How Olympic sprinter’s get their fuel


 

Training

Nutrition can have a huge impact on a sprinter’s performance. During training, sprinters have to maintain a nourishing and balanced diet with a mix of protein, carbohydrates, vitamins and minerals.

To compete at the highest levels, they need to make sure their nutrition is on point, and they have enough energy for demanding training schedules, without gaining body fat, which can affect performance.

 

Pump up the protein

Quality protein from sources such as eggs, meat, fish, nuts, beans and dairy are a really important part of a sprinter’s diet. Protein allows muscles to recover, repair and develop after sprint and resistance drills, which cause minute damage to the muscle fibres. Protein should make up around 60 percent of a sprinter’s calorie intake. Many elite sprinters will also have a protein-based drink after training sessions to help recover. We recommend Dymatize ISO 100, Optimum Nutrition – Gold Standard 100% Whey, Muscle Pharm COMBAT 100% WHEY, and GHOST WHEY.

 

Kick the carbs

Unlike some endurance athletes, sprinters don’t need to carb-load with bread, potatoes, rice, pasta and cereals before training and events. Sprinters instead need to get their carbs from fruits and vegetables, especially dark-coloured ones like spinach, kale, broccoli, leeks, cabbage, and all types of berries.

Carbohydrates are still important for sprinters as sprint training uses a huge amount of a compound called glycogen. When we eat carbohydrates, they’re broken down and stored by the body in the muscles and liver in the form of glycogen. Sprint training can deplete glycogen stores as it’s the only fuel available to the body when operating at that intensity. So, it’s important to restock the lost glycogen and repair any routine muscular damage that’s been done.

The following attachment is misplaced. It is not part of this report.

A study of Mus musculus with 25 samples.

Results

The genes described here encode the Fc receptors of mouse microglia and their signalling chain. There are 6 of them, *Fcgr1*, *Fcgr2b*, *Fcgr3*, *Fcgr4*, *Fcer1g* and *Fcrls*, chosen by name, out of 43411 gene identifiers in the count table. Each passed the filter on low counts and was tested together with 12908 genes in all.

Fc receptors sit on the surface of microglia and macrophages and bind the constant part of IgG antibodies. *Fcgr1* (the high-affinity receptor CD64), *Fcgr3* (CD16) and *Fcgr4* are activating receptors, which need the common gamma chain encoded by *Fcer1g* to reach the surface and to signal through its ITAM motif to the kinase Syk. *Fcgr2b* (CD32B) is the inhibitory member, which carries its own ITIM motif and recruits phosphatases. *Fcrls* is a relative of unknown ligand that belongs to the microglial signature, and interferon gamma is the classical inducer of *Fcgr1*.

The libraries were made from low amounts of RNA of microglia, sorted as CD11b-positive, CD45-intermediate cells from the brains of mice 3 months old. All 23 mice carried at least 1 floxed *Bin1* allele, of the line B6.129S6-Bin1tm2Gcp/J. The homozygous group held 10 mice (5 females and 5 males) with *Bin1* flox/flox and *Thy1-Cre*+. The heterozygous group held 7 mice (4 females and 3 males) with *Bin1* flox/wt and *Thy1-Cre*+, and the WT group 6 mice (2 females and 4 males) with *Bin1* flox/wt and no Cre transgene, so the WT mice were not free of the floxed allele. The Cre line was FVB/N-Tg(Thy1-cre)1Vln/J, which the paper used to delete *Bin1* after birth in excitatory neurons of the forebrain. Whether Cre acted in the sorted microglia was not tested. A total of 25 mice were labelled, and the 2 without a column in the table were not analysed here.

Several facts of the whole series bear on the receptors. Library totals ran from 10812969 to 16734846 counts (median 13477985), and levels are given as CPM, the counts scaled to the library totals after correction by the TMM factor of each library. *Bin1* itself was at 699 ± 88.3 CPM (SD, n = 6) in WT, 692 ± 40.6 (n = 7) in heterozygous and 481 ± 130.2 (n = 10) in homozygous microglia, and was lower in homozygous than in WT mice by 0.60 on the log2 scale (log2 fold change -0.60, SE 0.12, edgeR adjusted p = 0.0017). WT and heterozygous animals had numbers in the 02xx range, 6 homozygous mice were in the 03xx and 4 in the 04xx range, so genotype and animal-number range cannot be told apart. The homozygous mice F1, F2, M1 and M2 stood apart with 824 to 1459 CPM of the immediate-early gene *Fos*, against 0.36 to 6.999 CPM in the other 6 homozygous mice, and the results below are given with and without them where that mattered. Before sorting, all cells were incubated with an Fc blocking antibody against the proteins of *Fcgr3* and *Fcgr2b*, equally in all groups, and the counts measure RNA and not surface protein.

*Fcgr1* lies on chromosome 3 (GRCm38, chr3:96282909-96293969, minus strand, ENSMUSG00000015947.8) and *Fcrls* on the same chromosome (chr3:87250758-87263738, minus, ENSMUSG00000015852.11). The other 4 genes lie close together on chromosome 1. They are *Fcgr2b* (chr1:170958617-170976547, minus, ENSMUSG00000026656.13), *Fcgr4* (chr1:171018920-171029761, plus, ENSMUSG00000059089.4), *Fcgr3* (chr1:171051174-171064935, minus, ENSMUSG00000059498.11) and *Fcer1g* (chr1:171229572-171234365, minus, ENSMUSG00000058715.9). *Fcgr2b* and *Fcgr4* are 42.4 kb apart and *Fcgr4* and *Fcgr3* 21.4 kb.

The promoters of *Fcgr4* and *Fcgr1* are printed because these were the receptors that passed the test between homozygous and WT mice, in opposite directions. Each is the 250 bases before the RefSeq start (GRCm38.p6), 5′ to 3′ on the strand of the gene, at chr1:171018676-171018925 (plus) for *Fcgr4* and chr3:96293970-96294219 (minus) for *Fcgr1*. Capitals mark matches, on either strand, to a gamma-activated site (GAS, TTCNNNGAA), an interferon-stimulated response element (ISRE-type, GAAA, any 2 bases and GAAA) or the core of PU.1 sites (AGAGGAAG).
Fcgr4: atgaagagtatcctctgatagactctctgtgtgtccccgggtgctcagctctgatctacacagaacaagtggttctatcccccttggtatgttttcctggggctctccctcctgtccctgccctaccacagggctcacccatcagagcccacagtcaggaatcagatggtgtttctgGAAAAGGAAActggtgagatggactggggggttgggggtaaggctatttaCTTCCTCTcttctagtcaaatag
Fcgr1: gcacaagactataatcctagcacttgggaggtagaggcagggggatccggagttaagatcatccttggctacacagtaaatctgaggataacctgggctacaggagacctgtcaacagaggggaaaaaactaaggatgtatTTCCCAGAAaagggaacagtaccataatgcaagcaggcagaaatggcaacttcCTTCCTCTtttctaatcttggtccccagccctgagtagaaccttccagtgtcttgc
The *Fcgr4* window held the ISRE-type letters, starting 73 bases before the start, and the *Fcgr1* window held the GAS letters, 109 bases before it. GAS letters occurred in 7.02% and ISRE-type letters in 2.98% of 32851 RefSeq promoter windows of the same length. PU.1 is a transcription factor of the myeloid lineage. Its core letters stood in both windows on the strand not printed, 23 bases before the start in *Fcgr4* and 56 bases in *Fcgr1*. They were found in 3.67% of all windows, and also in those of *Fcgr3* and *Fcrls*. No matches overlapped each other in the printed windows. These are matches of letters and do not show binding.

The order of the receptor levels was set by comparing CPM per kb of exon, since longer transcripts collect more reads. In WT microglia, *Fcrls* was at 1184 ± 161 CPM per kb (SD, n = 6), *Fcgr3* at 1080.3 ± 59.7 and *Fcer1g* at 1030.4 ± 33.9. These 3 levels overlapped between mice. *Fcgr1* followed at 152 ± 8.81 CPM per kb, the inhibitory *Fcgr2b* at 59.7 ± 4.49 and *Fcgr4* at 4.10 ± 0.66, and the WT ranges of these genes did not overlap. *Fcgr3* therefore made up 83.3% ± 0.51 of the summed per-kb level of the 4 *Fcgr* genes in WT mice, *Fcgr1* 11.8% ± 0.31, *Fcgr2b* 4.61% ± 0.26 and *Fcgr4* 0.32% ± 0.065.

Game on

When the Olympic Games draws closer most athletes have already put in the hard yards, so energy requirements are not as crucial, and most sprinters will cut calorie intake as they get closer to the Games starting. At this stage, most sprinters will be looking to maintain or loose body weight.

 

Pre-race

The night before the race it’s recommended to limit fibre intake and avoid having a high-fat meal – which can lie heavily in the stomach. Athletes should also stick to familiar dishes to avoid upsetting their digestion with food that they’re not used to the night before a race. Trying local delicacies is best left until after the games have finished.

 

Post-race repair

It’s important to replenish nutrients within 30 minutes of an event or training, particularly an event like sprinting where your body is using everything it has. Many athletes will refuel with a nutrient-packed shake which is also a quick and easy-to-digest option. We like Dymatize CREATINE MICRONIZED, Optimum Nutrition CREATINE POWDER, Muscle Pharm Essentials Creatine and Rule 1 R1 Creatine.

 

Even if you are not qualifying for this year’s Games, following a sprinter’s diet and discipline will help fuel your body to get the power you need.